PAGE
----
WITT v. STATE EX REL. EYMAN, 18 Ariz. App. 120 (1972)

500 P.2d 905

Terrell WITT, Appellant, v. STATE of Arizona, ex rel. Frank A. EYMAN, Warden, Arizona State Prison, Appellee.

No. 2 CA-CIV 1236.Court of Appeals of Arizona, Division Two.
September 12, 1972.

Petition for writ of habeas corpus. The Superior Court, Pinal County, Cause No. 25841, E.D. McBryde, J., summarily denied the petition and petitioner appealed. The Court of Appeals, Krucker, C.J., held that parole board was not required to disclose its reasons for denial of parole.


Terrell Witt, in pro per.

Gary K. Nelson, Atty. Gen., Phoenix, by Howard L. Fell, Asst. Atty. Gen., Tucson, and James P.F. Egbert, Certified Third Year Law Student under Rule 28(e), for appellee.

KRUCKER, Chief Judge.

A summary denial of appellant’s petition for a writ of habeas corpus is the

Page 121

subject of this appeal. We do not concern ourselves with the question of whether habeas corpus was the appropriate vehicle for seeking the requested relief since the courts of this State look to substance rather than to form. State ex rel. Arizona State Board of Pardons and Paroles v. Superior Court, 12 Ariz. App. 77, 467 P.2d 917 (1970), supplemental opinion, 12 Ariz. App. 228, 469 P.2d 120.

The facts alleged in the petition filed below are as follows. On two separate occasions the petitioner requested the Board of Pardons and Paroles to place him on parole. He was heard on both occasions and at the conclusion of the hearings was given written notice of denial of parole. He claimed that he was denied due process of law in that the Board did not permit him or afford him an opportunity to examine his file and failed to state its reason for denying parole. On appeal it is contended that the summary denial of the petition was error.

We find no error in the lower court’s summary disposition since no hearing is required when the petition, on its face, shows that the petitioner, as a matter of law, is not entitled to relief. Landers v. State ex rel. Eyman, 7 Ariz. App. 197, 437 P.2d 681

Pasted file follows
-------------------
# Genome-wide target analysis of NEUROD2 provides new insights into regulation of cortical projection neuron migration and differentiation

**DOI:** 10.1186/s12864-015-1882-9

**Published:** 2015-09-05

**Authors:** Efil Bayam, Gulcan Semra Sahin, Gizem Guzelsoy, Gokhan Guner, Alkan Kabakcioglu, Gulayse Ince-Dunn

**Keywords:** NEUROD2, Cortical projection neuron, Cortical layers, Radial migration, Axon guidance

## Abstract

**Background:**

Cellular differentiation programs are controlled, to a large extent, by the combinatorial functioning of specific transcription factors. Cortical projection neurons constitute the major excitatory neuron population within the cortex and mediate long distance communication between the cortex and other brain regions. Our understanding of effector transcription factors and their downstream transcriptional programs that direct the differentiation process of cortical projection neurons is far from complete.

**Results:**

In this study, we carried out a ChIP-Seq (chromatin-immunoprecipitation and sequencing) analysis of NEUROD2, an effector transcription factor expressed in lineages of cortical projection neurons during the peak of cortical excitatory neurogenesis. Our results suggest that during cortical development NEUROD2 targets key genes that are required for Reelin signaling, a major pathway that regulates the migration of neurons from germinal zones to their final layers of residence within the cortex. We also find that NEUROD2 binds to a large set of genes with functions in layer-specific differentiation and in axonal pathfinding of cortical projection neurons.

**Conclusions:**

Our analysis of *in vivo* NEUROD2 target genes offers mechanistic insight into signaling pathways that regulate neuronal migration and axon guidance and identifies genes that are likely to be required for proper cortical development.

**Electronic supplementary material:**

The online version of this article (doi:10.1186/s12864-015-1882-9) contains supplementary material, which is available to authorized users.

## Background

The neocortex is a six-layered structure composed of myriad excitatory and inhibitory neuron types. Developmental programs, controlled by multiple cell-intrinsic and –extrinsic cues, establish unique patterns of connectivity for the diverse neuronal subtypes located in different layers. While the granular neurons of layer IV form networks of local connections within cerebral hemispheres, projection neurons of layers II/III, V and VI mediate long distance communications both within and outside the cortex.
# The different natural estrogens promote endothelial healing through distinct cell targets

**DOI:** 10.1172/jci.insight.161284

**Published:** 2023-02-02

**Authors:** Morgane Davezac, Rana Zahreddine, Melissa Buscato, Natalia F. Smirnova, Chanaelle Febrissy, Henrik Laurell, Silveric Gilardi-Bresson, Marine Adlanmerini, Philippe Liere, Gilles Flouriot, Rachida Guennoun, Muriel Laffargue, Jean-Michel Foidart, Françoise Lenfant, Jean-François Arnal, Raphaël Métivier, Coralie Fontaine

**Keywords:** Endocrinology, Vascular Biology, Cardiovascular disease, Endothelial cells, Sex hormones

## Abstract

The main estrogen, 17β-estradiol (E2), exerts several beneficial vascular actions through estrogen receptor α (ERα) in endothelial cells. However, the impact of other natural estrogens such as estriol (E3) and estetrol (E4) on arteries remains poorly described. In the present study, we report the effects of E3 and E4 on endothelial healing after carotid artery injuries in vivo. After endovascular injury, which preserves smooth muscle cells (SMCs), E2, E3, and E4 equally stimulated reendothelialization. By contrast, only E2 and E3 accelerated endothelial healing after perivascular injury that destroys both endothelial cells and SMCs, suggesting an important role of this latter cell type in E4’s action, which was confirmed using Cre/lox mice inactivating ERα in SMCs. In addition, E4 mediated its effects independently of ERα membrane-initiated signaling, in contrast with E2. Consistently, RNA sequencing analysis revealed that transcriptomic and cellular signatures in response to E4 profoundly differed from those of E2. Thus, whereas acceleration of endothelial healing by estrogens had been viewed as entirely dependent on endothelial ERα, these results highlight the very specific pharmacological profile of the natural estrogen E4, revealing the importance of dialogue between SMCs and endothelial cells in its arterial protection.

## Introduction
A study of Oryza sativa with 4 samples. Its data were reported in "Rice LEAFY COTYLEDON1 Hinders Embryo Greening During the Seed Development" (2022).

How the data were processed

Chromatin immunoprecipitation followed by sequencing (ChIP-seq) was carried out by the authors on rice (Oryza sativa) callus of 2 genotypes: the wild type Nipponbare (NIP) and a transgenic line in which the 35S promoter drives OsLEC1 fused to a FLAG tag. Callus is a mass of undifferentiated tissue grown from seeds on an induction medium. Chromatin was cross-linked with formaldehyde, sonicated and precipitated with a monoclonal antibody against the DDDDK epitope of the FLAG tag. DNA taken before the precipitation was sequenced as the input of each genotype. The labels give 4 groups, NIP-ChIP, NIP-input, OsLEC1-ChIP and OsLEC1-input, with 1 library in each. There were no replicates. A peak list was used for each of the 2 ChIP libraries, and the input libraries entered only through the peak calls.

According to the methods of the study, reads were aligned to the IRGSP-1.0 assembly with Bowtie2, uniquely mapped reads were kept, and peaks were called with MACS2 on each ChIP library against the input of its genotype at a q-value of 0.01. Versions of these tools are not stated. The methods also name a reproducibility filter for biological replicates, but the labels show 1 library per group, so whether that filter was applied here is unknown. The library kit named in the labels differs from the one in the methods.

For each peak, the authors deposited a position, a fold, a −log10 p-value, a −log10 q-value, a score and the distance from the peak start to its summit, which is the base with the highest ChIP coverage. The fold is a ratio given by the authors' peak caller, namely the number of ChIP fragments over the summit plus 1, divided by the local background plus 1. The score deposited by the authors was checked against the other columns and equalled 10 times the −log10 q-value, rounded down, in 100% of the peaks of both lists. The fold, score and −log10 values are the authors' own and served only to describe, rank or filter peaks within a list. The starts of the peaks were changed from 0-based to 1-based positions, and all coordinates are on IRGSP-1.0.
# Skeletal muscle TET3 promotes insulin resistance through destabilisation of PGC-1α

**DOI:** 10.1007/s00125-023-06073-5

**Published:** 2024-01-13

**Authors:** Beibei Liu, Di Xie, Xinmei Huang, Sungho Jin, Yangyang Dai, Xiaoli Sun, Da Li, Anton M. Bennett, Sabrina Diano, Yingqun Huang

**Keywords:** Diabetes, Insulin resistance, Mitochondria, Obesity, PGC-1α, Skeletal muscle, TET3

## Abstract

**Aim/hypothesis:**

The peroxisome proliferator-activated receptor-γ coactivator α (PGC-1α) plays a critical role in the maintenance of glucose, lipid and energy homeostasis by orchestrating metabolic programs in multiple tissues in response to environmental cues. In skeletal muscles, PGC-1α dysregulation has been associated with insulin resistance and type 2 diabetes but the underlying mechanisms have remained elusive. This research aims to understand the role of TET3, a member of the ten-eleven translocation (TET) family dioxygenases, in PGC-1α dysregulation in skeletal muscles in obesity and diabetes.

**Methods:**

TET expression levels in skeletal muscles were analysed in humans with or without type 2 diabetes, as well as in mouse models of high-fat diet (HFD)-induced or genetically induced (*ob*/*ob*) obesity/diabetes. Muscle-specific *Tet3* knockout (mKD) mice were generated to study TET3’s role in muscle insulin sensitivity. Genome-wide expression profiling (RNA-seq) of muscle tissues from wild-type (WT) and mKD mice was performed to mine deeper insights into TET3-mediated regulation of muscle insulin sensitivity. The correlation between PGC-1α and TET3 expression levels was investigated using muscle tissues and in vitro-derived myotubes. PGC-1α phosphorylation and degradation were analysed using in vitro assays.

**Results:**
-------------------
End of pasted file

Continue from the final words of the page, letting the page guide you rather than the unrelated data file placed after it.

(1969); Hunt v. Eyman, 429 F.2d 1318 (9th Cir. 1970). Parole is a matter of grace and not of right. State v. Howland, 103 Ariz. 250, 439 P.2d 821 (1968); State ex rel. Arizona State Board of Pardons and Paroles v. Superior Court, supra.

We are of the opinion that the parole board is not required to disclose its reasons for denial of parole. Williams v. United States, 327 F. Supp. 986 (D.C.N.Y. 1971); Madden v. New Jersey State Parole Board, 438 F.2d 1189 (3d Cir. 1971); Mastriana v. New Jersey Parole Board, 95 N.J. Super. 351, 231 A.2d 236
(1967);[1] Curtis v. Bennett, 256 Iowa 1164, 131 N.W.2d 1
(1964), cert. denied, 380 U.S. 958, 85 S.Ct. 1096, 13 L.Ed.2d 974. The lower court was clearly correct in declining to interfere with prison administration.


HATHAWAY and HOWARD, JJ., concur.

[1] In the 1971 decision of Monks v. New Jersey State Parole Board, 58 N.J. 238, 277 A.2d 193 (1971), the New Jersey Supreme Court declared invalid a state parole board rule that it would not reveal the basis for denial of parole either in the notice of denial or otherwise. The court expressed the view that not only would the furnishing of reasons for denial provide the requisite fairness but it would further the goal of rehabilitation. We do not believe that this case is apposite since it dealt with a rule which prescribed a general policy.